Volume 7, Issue 3-4, Pages 189-196

Contact with a Nurse Practitioner: A Short-Term Evaluation Study in Parkinson’s Disease and Dystonia

M. Jahanshahi,1,2 R. G. Brown,2 C. Whitehouse,1 N. Quinn,1 and C. D. Marsden1,2

1Department of Clinical Neurology, Institute of Neurology, Queen Square, London, UK
2Medical Research Council, Human Movement and Balance Unit, Queen Square, London, UK

Received 19 September 1994; Accepted 20 October 1994

Copyright © 1994 Hindawi Publishing Corporation. This is an open access article distributed under the Creative Commons Attribution License, which permits unrestricted use, distribution, and reproduction in any medium, provided the original work is properly cited.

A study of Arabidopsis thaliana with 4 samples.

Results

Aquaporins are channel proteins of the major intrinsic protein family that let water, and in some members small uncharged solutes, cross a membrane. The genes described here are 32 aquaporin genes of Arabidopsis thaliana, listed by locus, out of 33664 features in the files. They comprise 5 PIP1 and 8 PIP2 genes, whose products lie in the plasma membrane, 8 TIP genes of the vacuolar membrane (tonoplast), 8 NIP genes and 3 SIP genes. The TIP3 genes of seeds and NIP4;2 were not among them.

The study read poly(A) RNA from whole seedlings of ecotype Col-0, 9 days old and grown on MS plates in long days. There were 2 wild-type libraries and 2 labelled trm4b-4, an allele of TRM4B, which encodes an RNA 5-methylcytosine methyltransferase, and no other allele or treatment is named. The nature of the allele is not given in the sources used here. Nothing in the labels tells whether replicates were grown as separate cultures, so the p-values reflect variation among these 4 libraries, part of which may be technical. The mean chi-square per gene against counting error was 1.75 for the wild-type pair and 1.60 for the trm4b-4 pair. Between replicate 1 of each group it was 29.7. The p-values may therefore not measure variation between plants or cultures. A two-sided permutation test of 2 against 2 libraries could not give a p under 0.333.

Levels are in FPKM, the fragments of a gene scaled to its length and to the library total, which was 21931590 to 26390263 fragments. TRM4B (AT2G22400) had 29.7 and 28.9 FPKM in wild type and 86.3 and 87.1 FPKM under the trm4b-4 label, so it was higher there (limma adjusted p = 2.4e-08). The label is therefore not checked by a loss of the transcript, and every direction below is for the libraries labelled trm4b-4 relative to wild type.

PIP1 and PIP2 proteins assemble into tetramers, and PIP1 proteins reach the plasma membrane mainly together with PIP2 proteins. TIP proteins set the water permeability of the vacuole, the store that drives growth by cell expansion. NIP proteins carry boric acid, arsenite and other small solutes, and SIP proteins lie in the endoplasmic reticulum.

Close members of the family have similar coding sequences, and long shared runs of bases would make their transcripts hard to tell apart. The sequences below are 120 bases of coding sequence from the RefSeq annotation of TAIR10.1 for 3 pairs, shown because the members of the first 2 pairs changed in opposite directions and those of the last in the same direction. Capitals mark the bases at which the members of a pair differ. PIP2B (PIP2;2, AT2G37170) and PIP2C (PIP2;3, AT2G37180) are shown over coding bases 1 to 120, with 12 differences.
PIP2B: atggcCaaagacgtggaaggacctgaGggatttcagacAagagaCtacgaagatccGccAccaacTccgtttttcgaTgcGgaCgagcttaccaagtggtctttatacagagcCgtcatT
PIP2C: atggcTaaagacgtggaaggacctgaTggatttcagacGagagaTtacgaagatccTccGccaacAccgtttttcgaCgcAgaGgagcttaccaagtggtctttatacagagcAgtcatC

Forty patients with Parkinson's disease and 24 patients with dystonia took part in a study aiming to assess the value of access to and contact with a nurse practitioner over a 6 month period. Patients in each group were randomly allocated to “intervention” or “control” groups, which were matched on important variables. All patients completed a set of questionnaires relating to psychosocial function at two time points separated by 6 months. In the intervening period, those allocated to the “intervention” group received two home visits and five telephone calls from the nurse practitioner. This contact was not provided to the “control” group. The nurse practitioner had a major impact on the provision of information and the facilitation of referral to other health-care agencies. The results of an independent assessment indicated that the patients in the “intervention” programme had found access to and contact with a nurse practitioner of great value. In contrast, the results of the questionnaire assessment did not reveal any statistically significant change in psychosocial functioning from the first to the second assessment for either the “intervention” or “control” groups. The lack of change in the questionnaire measures is discussed in terms of possible sampling bias and the duration of intervention and follow-up. Recommendations are made for future studies, and for the possible provision of clinical services.